That the kiwi bird still exists at all is something of a marvel. Its native New Zealand has no endemic land predators, and so the bird evolved to be flightless. Today, its nests on the forest floor are under constant attack by invasive species — possums, rats, feral cats and the occasional misbehaving dog.
Former New Zealand Prime Minister Helen Clark with a Spotted Kiwi. Image: Getty Images
Despite conservation efforts, there are less than 70,000 kiwi left in all of New Zealand. The country loses about 20 kiwi birds a week.
But a radical new plan imagines modern technology as the key to saving New Zealander's namesake kiwi, and other native birds threatened by invaders: Scientists want to use a genetic engineering technique known as a gene drive to stamp out invasive rodents for good.
Gene drives allow scientists to override natural selection during reproduction, in theory allowing for the alteration of the genetic makeup of large populations of animals in a relatively short amount of time. A story today in the MIT Technology Review reports that scientific teams in Australia and Texas have successfully engineered mice to only birth male offspring, a bias meant to drive down mouse populations on an island. It's the first time a gene drive has ever been used in a mammal. The scientists are working with a US conservation group, but the New Zealand government has suggested it's open to using genetic engineering to deal with its own invasive problem.
This is not the first time that gene drive has been proposed as a means of conservation. In Hawaii, gene drives have been floated as a solution to the disease-carrying mosquitoes that threaten native bird populations. But there, the idea has been met with fierce resistance from environmentalists and native Hawaiians, and gained little traction.
In New Zealand, the idea may find more support. Last winter, the government announced a bold plan to eradicate all wild predators by 2050. It invested $NZ28 million ($26.2 million) in a new joint venture company, Predator Free New Zealand Ltd, with the stated goal of achieving a "scientific breakthrough capable of removing at least one small mammalian predator from New Zealand entirely" by 2025. The country's Department of Conservation has suggested genetic engineering just might be that breakthrough.
"To think we are going to become predator free without poisons distributed from aircraft and/or genetic engineering could be viewed as overly optimistic," New Zealand Department of Conservation scientist Josh Kemp told a New Zealand news site after the announcement.
But while gene drives are highly controversial, inspiring panic about scientists accidentally unleashing a poorly-engineered creature that wreaks ecological havoc, it's still unclear whether the technology will actually work in the wild.
Gene drives thwart natural selection by creating a so-called "selfish gene" that gets passed down to its offspring with more consistency than the rules of inheritance would allow, eventually spreading through an entire population — in theory. But recent research has suggested that wild populations will almost certainly develop resistance to lab-engineered modifications. In late 2015, researchers reported that while a CRISPR gene drive had indeed allowed an infertility mutation in female mosquitoes to be passed on to all offspring, as the mutation increased in frequency over several generations, resistance to the gene drive also emerged.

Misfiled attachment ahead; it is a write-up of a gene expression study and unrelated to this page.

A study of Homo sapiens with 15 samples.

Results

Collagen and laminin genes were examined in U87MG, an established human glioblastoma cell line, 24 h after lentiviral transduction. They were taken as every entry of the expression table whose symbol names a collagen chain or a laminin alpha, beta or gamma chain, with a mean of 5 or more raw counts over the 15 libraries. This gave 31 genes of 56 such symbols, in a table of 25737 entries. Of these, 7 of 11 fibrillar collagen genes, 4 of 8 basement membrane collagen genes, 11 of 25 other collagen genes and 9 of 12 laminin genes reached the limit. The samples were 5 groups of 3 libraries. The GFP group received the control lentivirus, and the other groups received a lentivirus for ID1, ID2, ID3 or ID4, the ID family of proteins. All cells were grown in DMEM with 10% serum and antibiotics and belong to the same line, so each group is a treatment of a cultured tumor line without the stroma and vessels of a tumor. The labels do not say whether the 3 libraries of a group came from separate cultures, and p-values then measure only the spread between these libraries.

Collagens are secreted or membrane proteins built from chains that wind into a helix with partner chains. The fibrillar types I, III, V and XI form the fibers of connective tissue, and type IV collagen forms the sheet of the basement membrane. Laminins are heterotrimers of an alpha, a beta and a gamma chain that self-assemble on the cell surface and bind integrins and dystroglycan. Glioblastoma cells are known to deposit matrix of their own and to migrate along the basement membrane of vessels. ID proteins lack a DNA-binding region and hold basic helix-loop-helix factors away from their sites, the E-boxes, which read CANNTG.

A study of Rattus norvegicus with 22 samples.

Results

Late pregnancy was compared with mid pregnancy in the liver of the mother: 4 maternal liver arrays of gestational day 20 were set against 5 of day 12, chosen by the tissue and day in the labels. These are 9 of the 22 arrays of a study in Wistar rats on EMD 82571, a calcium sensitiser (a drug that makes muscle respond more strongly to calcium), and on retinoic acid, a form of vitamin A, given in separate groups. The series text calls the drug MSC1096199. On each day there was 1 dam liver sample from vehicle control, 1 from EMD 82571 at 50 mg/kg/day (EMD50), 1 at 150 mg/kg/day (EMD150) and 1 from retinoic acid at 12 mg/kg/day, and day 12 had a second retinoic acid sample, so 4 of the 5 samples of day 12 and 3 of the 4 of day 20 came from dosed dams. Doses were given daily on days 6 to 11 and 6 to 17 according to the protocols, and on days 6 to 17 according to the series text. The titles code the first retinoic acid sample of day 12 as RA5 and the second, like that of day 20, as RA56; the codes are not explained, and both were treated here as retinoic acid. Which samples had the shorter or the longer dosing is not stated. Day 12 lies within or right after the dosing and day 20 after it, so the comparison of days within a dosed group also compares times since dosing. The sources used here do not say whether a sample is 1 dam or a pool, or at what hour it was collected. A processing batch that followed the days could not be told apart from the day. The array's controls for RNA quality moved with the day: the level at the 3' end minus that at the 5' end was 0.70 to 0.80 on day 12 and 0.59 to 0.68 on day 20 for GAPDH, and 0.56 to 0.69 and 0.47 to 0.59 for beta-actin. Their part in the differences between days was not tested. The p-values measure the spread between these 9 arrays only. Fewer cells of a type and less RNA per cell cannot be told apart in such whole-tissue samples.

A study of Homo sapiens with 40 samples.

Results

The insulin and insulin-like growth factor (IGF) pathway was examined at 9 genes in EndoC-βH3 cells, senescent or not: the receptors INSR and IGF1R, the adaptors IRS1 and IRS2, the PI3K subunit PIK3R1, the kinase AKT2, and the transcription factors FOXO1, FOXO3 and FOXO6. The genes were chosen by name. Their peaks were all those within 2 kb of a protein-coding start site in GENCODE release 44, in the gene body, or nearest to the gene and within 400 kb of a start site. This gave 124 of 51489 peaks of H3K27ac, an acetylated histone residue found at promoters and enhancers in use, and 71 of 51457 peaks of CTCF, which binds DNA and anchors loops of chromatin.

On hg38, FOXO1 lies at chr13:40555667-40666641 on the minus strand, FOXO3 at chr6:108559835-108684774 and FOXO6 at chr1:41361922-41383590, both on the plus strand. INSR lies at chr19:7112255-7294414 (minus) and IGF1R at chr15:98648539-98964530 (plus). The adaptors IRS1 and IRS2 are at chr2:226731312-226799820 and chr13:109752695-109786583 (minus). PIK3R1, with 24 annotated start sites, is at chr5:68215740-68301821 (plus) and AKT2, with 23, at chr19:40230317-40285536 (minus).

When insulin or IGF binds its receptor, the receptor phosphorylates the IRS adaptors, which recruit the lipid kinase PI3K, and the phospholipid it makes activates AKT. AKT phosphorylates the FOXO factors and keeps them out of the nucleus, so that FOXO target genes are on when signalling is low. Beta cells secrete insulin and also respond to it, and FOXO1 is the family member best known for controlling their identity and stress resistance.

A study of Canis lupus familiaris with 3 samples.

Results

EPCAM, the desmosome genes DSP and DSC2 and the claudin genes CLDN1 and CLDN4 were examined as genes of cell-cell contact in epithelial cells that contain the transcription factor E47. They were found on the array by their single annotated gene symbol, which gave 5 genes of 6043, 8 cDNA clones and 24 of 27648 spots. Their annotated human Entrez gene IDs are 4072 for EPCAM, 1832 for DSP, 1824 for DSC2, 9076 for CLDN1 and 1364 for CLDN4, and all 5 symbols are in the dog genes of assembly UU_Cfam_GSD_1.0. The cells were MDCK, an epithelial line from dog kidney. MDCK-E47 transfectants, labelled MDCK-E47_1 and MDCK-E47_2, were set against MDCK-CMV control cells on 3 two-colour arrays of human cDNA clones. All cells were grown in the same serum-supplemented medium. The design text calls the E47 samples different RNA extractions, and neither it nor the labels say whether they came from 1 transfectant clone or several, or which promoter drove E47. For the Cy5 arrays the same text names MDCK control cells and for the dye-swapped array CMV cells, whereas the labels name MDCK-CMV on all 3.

"These things are not going to get too far in terms of eradicating a population," Michael Wade, an evolutionary geneticist at Indiana University Bloomington, recently told Nature.
Of course, should scientists find a way around that hurdle, there are still plenty of obstacles. In the wild, the engineered mice might not be as successful in competing for mates. And while they may succeed in eradicating mice populations on small islands, as the scientists are initially proposing in New Zealand, tackling the rodent population of New Zealand's main islands is another thing entirely. Then there is the issue of public opinion. Resistance to the idea of messing with nature has made gene drives an incredibly fraught issue. At a recent meeting of the United Nations Convention on Biodiversity in Mexico, activists asked the UN to consider a global moratorium on gene drive. In response, the UN asked that scientists take heed of "social, environmental, legal, and ethical considerations" to develop the technology responsibly.
The gene drive is a technology that is rapidly advancing. In the past two years, it has gone from being just a theory to a technique successfully tested in yeast, fruit flies, mosquitoes and now mice.
The modified mice engineered by scientists at Texas A&M University were only born in the past two months, according to the Technology Review. It will take several generations of breeding to determine whether the male-only trait is successfully passed on to future generations, as hoped. As of January, the second team at University of Adelaide was still working on breeding its first generation of engineered mice.
If they are successful, those mice may eventually be released on sea islands where mice have been known to prey on albatross chicks. And if it all goes well, one day, those engineered pests may save the kiwi bird, too.